Tuesday, July 29, 2008

My first day of using Medicare (and three red cards to carry)


So, today for the first time, I became a Medicare patient. I went to a dermatologist, and endured the sting and possible embarrassment of repeated blasts of liquid nitrogen over my face, scalp, and some of my body. I had to ask for restraint. Since the liquid is kept at temperatures simulated in my rogue screenplay "69 Minutes to Titan", the aftereffects stung for some time, like burns.

But the interesting part was “paying for it.” The office took my social security Medicare Card and AARP supplementary card and photographed them. Then they checked and could not find me on Medicare’s computer. I carried a third card, the AARP Part D, which I would need later.

Social Security’s own website produces a page on my account that says, in part:

You receive Medicare Part A (hospital insurance) based on your age.
You became entitled to Part A beginning:
July 2008
Medicare Medical Insurance (Part B) information:
You receive Medicare Part B (medical insurance) based on your age.
You became entitled to Part B beginning:
July 2008
Your current monthly premium for Part B is:
$ 96.40
The effective date for this Part B premium amount is:

It hasn’t added in my Part D premium yet ($33.70 per month) to the website, but I received a US mail letter saying that this amount would be deducted twice from my August social security payment.

However, the actual processing of Medicare for the DC area seems to take place at Pennsylvania Blue Cross and Blue Shield at Camp Hill, PA (Harrisburg), the data center run by EDS I believe.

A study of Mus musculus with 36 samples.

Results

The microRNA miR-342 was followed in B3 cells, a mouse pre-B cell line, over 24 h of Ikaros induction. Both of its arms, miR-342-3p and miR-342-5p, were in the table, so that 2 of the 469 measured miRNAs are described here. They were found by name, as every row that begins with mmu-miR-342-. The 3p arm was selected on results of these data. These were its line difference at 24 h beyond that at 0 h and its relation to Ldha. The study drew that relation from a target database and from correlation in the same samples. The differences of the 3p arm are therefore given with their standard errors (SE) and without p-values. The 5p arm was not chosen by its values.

The clerk said, “is this the first time you’ve used your Medicare?” I said yes, and he indicated that it usually takes one claim for Blue Cross-EDS to get around to adding a new retiree’s record to its own mainframe database. I’m not sure how that comports with HIPAA.

I then went to pick up my prescription for Aldara, which is a cream applying topical chemotherapy for actinic keratosis and early skin cancers (basal and sqamous cell carcinomas). It is sold by the Grace company but manufactured only in Leeds, UK, which makes it more expensive given the fall of the dollar. The dermatologist gave me a $25 mail in rebate coupon. That’s odd for prescription medication. A supply of about 20 packets would sell for about $625 without insurance. With Part D coverage (before the doughnut hole), the out-of-pocket cost is $30, but the $625 goes some way into approaching the coffee cup’s doughnut hole for later medications. However, the $625 may itself get a large discount from United Health Care, under AARP’s contract. It’s all complicated.

As I’ve noted, AARP (because of its enormous size and bargaining power with health insurance companies) seems to offer a much better deal (on part D and on part B supplementary) for just-65 retirees than can employers with their retiree health programs. For retirees of troubled companies like GM, this may be good news. AARP, even though it is mainly for those over 65, is giving a preview of how a single payer health system like Canada’s could be run.